Interview prepared by Mustafa Almukhtar, AMSA 2019-2020 Professional Development Coordinator, and hosted by Ahmed Suhail, AMSA member. Article by Haya Al Any, AMSA 2019-2020 Professional Development Chair.
Dr. Mustafa Albustani finished his medical education in Baghdad, Iraq. After getting his diploma from one of the top-notch medical schools in the area, he completed a three-year clinical training in Iraq. He then decided to migrate his career to the United States. In 2011, he arrived to the U.S. and began looking into the route that international medical graduates, IMGs, take in order to practice medicine in the States. His hard work finally landed him a clinical faculty position at the University of California, Los Angeles (UCLA).
Dr. Albustani opens up the talk about his journey by reminiscing about the inspiration that ushered him to medical school. Growing up under two physician-parents, becoming one himself always made sense. Equipped with exposure and motivation, he enrolled at Al-Kindy College of Medicine, of the University of Baghdad, the school from which he received his degree. After graduation, he completed three years of clinical training. Next he made a pivot in his career by moving to the US. Why did he endure this transition? Dr. Albustani states that the United States stands in the forefront of medical education and training; he was enticed by the reputable research facilities, the supportive education system and the comprehensive healthcare system.
Moving the spotlight to the first foothold for IMGs , he reflected on his preparation for the USMLE series. He recounted that he finished the three exams, Step one, two and three, in a total of seven months. To prepare for the exams. he relied on a combination of lectures, notes, textbooks and question banks.
Upon satisfying the scorecard aspect of his curriculum vitae, he sought to familiarize himself with the operation of the healthcare system in the United States. He acknowledges that without clinical involvement and research engagement, the odds of matching into a residency program are not as promising. For IMGs specifically, he reiterates the importance of establishing a network of connections in the field. He considers himself lucky to have met a doctor who was active in research. By the time he applied for residency, he was a part of two research projects.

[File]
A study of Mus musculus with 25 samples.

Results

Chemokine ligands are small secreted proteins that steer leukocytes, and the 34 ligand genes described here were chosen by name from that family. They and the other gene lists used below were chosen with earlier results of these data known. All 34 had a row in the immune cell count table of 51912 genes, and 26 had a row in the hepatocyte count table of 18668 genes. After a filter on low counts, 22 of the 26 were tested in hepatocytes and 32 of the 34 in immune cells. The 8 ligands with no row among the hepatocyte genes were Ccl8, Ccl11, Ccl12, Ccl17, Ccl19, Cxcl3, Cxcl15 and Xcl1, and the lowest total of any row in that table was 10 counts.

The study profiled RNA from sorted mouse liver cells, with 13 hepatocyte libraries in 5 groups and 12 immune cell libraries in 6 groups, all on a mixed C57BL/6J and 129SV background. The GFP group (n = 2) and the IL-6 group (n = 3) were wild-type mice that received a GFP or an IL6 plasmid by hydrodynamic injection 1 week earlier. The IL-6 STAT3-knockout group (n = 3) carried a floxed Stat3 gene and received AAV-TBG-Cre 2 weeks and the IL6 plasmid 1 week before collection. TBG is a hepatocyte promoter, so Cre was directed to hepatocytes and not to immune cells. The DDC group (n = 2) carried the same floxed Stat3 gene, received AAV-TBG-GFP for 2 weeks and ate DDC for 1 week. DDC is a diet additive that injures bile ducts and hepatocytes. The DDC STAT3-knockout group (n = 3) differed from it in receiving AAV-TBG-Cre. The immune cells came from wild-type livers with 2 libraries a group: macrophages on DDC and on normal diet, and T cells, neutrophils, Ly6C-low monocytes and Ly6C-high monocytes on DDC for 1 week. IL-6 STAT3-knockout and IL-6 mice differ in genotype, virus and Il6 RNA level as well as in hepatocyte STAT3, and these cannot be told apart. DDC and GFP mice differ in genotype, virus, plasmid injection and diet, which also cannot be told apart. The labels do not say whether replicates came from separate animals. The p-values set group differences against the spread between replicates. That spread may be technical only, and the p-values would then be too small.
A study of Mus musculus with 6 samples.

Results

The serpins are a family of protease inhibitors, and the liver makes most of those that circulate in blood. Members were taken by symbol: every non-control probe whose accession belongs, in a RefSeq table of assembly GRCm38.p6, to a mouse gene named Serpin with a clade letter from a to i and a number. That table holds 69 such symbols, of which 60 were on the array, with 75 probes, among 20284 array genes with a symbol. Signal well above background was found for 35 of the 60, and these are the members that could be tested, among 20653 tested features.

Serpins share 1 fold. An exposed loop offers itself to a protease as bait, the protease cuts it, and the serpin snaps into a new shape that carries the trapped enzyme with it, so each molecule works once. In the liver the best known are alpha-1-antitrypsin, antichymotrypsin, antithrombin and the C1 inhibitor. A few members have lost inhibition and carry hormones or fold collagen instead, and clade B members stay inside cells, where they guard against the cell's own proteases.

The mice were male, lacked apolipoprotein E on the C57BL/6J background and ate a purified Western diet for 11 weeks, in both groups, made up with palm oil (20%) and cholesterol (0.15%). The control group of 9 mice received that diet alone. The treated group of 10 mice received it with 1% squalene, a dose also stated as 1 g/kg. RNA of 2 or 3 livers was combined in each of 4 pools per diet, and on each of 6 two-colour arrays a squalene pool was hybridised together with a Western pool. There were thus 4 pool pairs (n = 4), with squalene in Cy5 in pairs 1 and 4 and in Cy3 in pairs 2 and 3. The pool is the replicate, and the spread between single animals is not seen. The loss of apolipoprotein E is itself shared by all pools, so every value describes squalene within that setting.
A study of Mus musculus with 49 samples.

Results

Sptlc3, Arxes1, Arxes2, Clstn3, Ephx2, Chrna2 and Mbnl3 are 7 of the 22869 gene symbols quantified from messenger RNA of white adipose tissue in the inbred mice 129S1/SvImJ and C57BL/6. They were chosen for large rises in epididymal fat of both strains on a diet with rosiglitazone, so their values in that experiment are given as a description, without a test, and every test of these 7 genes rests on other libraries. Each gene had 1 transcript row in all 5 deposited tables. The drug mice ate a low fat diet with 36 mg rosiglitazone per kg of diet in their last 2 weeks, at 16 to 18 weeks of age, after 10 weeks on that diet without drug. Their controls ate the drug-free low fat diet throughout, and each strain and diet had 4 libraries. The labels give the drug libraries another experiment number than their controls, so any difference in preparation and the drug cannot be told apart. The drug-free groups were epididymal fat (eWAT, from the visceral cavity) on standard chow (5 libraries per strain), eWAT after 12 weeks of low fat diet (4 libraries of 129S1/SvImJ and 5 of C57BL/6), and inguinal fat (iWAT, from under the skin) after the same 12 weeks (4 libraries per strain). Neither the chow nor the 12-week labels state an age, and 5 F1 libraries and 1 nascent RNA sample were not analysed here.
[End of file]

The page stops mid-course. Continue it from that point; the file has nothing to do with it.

The endless moments of suspension had curtailed with the long-awaited news; he had successfully matched into Med-Peds. He posits that residency represents a transformation in perspective, from being a student to being a physician. He states that the workload and the responsibilities rise to a higher level but then everything levels off when one develops their own “survival skills.”
During his third year of residency in Tulsa, Oklahoma, he was elected the chief resident. Dr. Albustani points out that such an achievement comes by thoughtful planning rather than coincidence. He advises that coming to the United States is worth going through turbulence before safely landing in a settled career. It is more challenging for IMGs to embark onto residency, and for this reason, they need to exert an added effort. He stresses the importance of securing adequate scores and tagging them along with an impressive CV. A strong CV, to him, is one where devotion to medicine is pronounced through research, rotations and other clinical involvement.
He emphasizes the significance of having strong letters of recommendation written by well-renowned persons in the field.
He concludes his story by revealing that he had always aspired to become an educator. He wanted to follow in the footsteps of his parents, mentors and teachers, to whom he attributes the formulation of his personality. He joined the faculty at UCLA in 2018 after working in Saint Francis Health System for less than a year. He finds in his current position the opportunity to pass on the gift of medical knowledge to the next generations.
The road to residency is not an easy one for IMGs. Learn some of the things you’ll need for the journey in the IMG Summer Series.